State House Moves To Freeze Public Employee Salaries

House Speaker Mike Chenault, R-Nikiski (left) confers with other members of the House leadership just before the vote on House Bill 176, April 15, 2015. The bill repeals a 2.5 percent pay raise for state employees scheduled to take effect July 1, 2015. (Photo by Skip Gray/360 North)
House Speaker Mike Chenault, R-Nikiski (left) confers with other members of the House leadership just before the vote on House Bill 176, April 15, 2015. The bill repeals a 2.5 percent pay raise for non-union state employees scheduled to take effect July 1, 2015. (Photo by Skip Gray/360 North)

The Alaska House has narrowly passed a bill that would claw back raises for many state workers. APRN’s Alexandra Gutierrez reports.

Rep. Steve Thompson, a Fairbanks Republican, made no effort to downplay matters when he offered the legislation on the House floor on Tuesday.

“House Bill 176 is a pretty short bill — but it’s a controversial bill,” said Thompson.

The five-line bill repeals a 2.5 percent cost-of-living adjustment for non-union public employees, which comprise about 2,000 members of the state workforce. Thompson noted the bill would save the state nearly $10 million — equivalent to 90 jobs.

“The question we must answer is: Would we rather cut more people’s jobs or keep salaries steady?” asked Thompson.

The bill was, indeed, controversial. When it came to a vote, it momentarily looked like it was going to fail on a 20-20 split, until Palmer Republican Jim Colver changed his vote.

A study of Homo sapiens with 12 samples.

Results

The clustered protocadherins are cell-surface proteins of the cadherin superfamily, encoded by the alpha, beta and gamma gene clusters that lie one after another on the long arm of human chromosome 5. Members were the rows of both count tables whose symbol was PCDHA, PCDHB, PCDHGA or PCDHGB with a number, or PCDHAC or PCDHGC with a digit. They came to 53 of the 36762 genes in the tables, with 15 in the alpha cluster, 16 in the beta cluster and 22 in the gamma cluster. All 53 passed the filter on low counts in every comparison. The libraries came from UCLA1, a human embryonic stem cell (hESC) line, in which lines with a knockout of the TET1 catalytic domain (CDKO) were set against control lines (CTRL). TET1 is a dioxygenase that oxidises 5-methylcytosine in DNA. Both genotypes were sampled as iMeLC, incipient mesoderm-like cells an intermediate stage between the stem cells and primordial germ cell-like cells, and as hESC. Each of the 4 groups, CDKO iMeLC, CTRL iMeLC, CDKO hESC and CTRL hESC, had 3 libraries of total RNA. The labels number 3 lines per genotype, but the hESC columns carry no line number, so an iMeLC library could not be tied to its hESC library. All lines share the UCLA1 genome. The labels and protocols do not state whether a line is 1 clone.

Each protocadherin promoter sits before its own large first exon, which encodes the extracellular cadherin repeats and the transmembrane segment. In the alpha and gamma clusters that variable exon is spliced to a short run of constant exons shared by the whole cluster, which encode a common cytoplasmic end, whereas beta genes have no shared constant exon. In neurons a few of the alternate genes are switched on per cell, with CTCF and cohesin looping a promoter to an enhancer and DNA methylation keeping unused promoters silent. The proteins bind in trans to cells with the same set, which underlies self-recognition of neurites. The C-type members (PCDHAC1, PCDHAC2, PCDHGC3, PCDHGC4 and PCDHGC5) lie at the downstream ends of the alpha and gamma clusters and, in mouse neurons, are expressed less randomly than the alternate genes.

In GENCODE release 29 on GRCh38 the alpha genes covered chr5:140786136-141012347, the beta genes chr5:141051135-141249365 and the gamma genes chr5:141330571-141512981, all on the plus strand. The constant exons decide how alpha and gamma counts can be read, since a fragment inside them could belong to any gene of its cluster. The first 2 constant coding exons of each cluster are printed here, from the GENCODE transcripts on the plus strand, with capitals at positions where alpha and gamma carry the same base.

Most of the opposition came from Democrats. Rep. Les Gara of Anchorage noted that public employee salaries have lagged behind inflation for the past few years. And Rep. Andy Josephson of Anchorage said it was inappropriate for the state to freeze wages when it already committed to a salary schedule with a raise included.

“Fundamentally I look at this and I say: Well, we made a promise. We’re breaching the promise. It doesn’t solve the fiscal crisis,” said Josephson. “And so, I have to be a no.”

But opposition was not limited to Democrats. Four — Mike Hawker of Anchorage, Wes Keller of Wasilla, Cathy Munoz of Juneau, and Gabrielle LeDoux of Anchorage — broke ranks with the majority to oppose the bill.

“I feel very uncomfortable with this bill. I was always brought up to believe a man’s word is his bond,” explained LeDoux in an eight-second floor speech.

But for many Republicans, like Tammie Wilson of North Pole, the fiscal argument won out.

“It is about a $3.5 billion deficit. That’s really what it’s about,” said Wilson. “When these agreements were made a couple years ago, I don’t think there was anybody who was sitting down on those contracts who thought we would be where we are today.”

The bill may still be reconsidered by the House for another vote before being sent to the Senate. In an interview, Gov. Bill Walker said he opposes the policy.

The Legislature is also advancing a similar move that would freeze salaries for unionized employees and back out of collective bargaining agreements. Shortly after the vote on the House bill, the Alaska State Employees Association issued a press release calling the move an “unprecedented assault on state employees.”